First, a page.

Work-life balance seems like such a 21st century concept that it is surprising to find it lying at the heart of the most significant labour campaign of the 19th century – the struggle for an 8-hour working day. This Australia-wide fight to change working hours from Dickensian to somewhat enlightened was so important and its eventual win so celebrated that we still commemorate it every year as a public holiday on the first Monday in October.
In essence the movement centred on the demand that the working day should be eight hours, this allowed for eight hours recreation and eight hours rest and made a neat divide of a 24-hour day. It was often illustrated with the symbol ‘8-8-8’.
In the 1850s Australian skilled workers generally worked a 58-hour week made up of 10 hours Monday to Friday and eight hours on Saturday. Labor historian Rowan Cahill explained “The idea that working people should work less hours, enjoy and improve their lives, and have some control over their working conditions, were radical propositions, as was the idea the working day should be based on eight-hours of work.”
While stonemasons had early victories in the 8-8-8 campaign and were able to claw back their working day, for everyone else long onerous hours of work persisted. A 12-14 hour day was not uncommon.
In 1883 a small group of Newcastle men met at the Black Diamond Hotel in Hunter Street West to discuss organising a union parade as a public show of strength for the 8-hour day campaign. Inspired by their comrades in Sydney and Melbourne, whose colourful protests had garnered widespread newspaper coverage, they held the first Newcastle 8-hour day rally in October that year.
It was deemed such a success, with thousands attending and the Newcastle Herald declaring it to be ‘a red letter day in the annals of Newcastle’, that the rally became an annual display of union solidarity. An 8-Hour Day Demonstration Committee (HDDC) was formed with the group soon realising the need for a Trades Hall building to function as a home base for labour organisations. From 1888 onwards HDDC made frequent applications to the State Government appealing for a grant of land on which to build a union headquarters. Their requests were continually turned down.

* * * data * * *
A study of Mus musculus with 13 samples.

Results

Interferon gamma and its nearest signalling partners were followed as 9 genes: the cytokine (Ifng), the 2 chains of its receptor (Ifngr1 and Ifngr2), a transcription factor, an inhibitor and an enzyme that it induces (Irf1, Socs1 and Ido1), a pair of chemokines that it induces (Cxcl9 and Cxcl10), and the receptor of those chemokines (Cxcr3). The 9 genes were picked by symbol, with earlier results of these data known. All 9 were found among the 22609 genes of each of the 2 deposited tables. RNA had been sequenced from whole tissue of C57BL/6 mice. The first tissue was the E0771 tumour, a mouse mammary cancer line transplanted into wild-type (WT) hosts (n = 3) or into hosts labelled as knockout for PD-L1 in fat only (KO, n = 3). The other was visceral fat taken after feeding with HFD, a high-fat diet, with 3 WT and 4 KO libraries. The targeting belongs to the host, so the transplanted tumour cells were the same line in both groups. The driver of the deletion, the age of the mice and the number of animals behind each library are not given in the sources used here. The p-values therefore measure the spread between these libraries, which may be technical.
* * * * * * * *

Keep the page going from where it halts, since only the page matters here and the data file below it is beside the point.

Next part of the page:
Undaunted they sent a deputation to the NSW Premier Sir Henry Parkes, a known sympathiser to their cause. The unionists were buoyed by their positive meeting with Parkes, but behind the scenes political machinations were afoot. When a motion of no confidence in the Premier was suddenly passed in late 1891 he immediately resigned, unfortunately before the Trades Hall land had been formally granted. Lobbying began again, now with an unsympathetic new Premier, Sir George Dibbs, but this time the state’s political machinations worked in their favour.
Dibbs was a conservative, described at the time as ‘an enemy of labour’, but he was relying on the Labor Party’s support in parliament. Deals were done and in 1892 a bill was passed granting land for a Trades Hall in Hunter Street, but it came with a sting in its tail. The land was to be held by five trustees and if the unionists did not spend £500 within three years improving the site (that is, by constructing a building) the land was to be forfeited and given to the Chief Commissioner of Railways. Furious fundraising started and eventually enough money was secured to start construction. They just made it. Newcastle’s first Trades Hall officially opened on 22 June 1895, barely inside the three year deadline.
This lovely Victorian building still stands in Hunter Street, it is now part of Hunter TAFE. Its ornate façade is highly carved grey stone and it has brickwork which ranges in colour from red to buff to yellowish. The building is tuck pointed and embellished with elaborate stonework around the roof edges and the window sills. Originally its interior walls were decorated with stencil patterns and boasted elaborate joinery, these are now gone but its name and construction date are still clearly visible at the top of the building.
The Trades Hall had three meeting rooms, two on the ground floor and one upstairs making it, for its era, a very spacious public building. It would seem that the union movement had found a forever home, but it was not to be. Only six years after it opened the new Trades Hall was deemed to be too small and soon the unionists were on the move in search of a more spacious centre
The Hunter Street TAFE, home of the Newcastle Art School, now adjoins the old Trades Hall which has become a campus administration building. I like to think that this gracious edifice, a monument to 19th century unionism and the advancement of Newcastle’s 8-hour campaign sits quietly, but proudly, sure of its place in our city’s labour history.
Newcastle’s first Trade Union building is at 590-608 Hunter Street, Newcastle West.